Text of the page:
On Unit: April – May 2020
Gestation: 25 weeks
Below, Michelle kindly shares her daughter Freya’s story with us.
‘Freya was born away from home at James Cook University Hospital, Middlesbrough. She was 15 weeks early, delivered by emergency c-section due to me having severe pre-eclampsia and HELLP syndrome. She weighed just 1lb 3oz/ 560g.’
She initially did really well and was coming down on her respiratory support and taking feeds well. But at 11 days old she developed Necrotising Enterocolitis (NEC) and needed emergency, life-saving surgery. She was transferred to ward 35, Newcastle RVI where 10cm of bowel was removed and she was given a stoma.
We went through various trials and traumas after her surgery from difficulties feeding again, fluid loss through the stoma, weight loss, morphine addiction, to more severe difficulties like respiratory arrests. We lost count of the times she de-saturated and turned a nasty shade of dark blue/purple. But eventually, she was well enough to be transferred to Leeds LGI which was nearer to our home in York. She even spent a few weeks in York SCBU before having her stoma reversed back in Leeds at 3 months old.
Her second surgery went much more smoothly but seeing her being wheeled off to theatre brought back terrible memories of that first, emergency surgery where we were told she might not make it. Thankfully, the recovery was quick too.
All in all she was in hospital for 114 days. She had 6 admissions/transfers across 4 hospitals. Each with its own challenges to face. All of this was made harder as Freya was born 3 days after the first Lockdown started so our 4 months in hospital were more challenging due to Covid related restrictions and limited visiting.
We went 5 weeks without being able to hold her or cuddle her which was heartbreaking. Most of the time we weren’t allowed to see her together and she was 10 weeks old before we got a photo together as a family.
The staff at every hospital were amazing, angels in fact and it would have been so much harder without all their support. They cared for us as well as our baby. We made friends with and received vital support from other parents at each hospital and we keep in touch with some of our ward 35 friends now.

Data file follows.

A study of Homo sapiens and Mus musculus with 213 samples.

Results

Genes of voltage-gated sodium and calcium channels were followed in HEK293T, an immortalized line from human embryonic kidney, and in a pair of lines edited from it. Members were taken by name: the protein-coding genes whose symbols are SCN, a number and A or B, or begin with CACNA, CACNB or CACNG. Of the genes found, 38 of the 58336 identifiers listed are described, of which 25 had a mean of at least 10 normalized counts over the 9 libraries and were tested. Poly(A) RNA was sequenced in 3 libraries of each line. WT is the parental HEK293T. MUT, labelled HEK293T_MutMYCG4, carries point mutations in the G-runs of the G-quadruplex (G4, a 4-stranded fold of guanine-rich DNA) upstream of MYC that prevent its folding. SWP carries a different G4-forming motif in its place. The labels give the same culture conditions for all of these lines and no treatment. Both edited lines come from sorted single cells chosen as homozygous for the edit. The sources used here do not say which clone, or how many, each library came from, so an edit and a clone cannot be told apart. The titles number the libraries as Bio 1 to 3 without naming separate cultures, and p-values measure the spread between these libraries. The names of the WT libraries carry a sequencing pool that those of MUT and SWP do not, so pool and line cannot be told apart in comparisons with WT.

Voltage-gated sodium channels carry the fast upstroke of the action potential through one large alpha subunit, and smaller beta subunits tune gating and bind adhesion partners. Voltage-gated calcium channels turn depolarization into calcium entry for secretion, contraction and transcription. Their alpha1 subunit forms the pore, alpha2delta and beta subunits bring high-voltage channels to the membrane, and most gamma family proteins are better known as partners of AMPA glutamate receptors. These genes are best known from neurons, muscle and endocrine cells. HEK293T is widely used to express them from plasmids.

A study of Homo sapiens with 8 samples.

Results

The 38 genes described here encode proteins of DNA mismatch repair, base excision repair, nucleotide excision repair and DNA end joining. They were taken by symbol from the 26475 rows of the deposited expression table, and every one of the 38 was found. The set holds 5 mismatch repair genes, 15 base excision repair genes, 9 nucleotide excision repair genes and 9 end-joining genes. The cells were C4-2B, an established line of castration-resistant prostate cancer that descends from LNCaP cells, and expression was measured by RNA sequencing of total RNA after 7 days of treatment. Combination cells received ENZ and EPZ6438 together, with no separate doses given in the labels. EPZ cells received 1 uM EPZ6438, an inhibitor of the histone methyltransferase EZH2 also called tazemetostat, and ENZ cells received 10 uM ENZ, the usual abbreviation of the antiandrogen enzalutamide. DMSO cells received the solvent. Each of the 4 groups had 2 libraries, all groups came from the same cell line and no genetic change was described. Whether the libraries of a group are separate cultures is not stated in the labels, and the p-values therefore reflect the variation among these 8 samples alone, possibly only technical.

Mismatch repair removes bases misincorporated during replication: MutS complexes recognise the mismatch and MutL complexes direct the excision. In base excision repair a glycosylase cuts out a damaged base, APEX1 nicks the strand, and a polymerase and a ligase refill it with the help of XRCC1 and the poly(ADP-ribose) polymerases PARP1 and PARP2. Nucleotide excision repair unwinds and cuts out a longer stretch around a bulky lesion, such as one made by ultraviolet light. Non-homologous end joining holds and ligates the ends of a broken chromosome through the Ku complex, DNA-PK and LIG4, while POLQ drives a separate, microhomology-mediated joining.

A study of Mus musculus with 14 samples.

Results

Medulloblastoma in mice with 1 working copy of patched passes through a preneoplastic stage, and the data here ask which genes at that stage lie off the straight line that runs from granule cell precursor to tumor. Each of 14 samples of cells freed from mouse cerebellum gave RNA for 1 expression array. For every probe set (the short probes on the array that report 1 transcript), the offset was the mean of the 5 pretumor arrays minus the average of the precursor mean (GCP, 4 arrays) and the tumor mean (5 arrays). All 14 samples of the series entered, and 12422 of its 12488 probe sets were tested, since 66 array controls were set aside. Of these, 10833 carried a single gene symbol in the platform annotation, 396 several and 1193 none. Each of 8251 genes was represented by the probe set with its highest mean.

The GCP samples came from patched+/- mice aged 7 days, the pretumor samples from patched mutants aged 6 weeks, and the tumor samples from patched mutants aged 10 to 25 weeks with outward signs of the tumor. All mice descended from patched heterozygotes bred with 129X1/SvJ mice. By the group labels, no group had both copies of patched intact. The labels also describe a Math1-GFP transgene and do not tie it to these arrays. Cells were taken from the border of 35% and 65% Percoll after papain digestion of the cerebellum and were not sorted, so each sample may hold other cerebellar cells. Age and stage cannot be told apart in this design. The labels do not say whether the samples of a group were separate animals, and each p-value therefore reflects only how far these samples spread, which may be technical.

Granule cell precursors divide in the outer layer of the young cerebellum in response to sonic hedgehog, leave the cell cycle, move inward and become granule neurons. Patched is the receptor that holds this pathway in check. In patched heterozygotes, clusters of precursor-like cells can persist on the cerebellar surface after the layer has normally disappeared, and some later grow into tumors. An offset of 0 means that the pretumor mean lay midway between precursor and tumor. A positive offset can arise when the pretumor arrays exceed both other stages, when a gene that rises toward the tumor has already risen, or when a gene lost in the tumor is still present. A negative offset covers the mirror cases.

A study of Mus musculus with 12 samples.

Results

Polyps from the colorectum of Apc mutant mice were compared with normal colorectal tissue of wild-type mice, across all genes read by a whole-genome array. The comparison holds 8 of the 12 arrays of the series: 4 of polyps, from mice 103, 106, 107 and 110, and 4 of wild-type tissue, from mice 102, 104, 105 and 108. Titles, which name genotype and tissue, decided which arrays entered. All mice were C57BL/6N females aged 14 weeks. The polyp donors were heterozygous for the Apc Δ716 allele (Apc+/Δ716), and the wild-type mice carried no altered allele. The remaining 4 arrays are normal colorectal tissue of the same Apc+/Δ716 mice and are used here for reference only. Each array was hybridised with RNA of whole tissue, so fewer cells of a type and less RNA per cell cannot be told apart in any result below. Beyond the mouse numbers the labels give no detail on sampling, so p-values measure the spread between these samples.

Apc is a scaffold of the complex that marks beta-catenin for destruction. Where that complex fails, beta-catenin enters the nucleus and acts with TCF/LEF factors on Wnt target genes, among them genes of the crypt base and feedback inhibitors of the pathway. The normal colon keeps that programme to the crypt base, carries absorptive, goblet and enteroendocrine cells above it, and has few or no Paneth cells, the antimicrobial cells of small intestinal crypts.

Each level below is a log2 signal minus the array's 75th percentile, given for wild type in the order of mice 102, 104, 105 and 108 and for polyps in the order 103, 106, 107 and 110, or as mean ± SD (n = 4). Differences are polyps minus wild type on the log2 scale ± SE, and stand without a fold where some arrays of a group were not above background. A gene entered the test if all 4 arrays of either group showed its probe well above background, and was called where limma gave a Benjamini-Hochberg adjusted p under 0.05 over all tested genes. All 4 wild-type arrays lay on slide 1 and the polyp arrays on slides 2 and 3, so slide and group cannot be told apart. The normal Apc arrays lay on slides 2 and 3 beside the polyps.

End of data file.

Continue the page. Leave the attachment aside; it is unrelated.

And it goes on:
Freya came home on oxygen but came off this 2 months later and has done well without it since. She’s 19 months old now, is really well, eats very well and is such a happy little girl. She’s started nursery and is thriving.’
How did Tiny Lives impact your time on the unit?
‘Tiny lives funded a clinical psychologist for the ward who really helped me during our time on ward 35 and encouraged me to take care of myself better in order to be able to look after Freya. I needed that permission at that time.
They also provided practical things like toiletries, food, drinks and snacks and even funded a hotel stay for my husband as he couldn’t stay on the ward with me while we waited for accommodation nearer to the hospital. They provided a well-being pack for us and also a book for us to read to Freya.
One of the things that really sticks out for me is the Miniboos. Freya had one and so did I. We swapped them every day so while apart, we could have each other’s scent. I slept with it, smelling it to smell my baby. Freya still sleeps with one now and it’s her comforter.’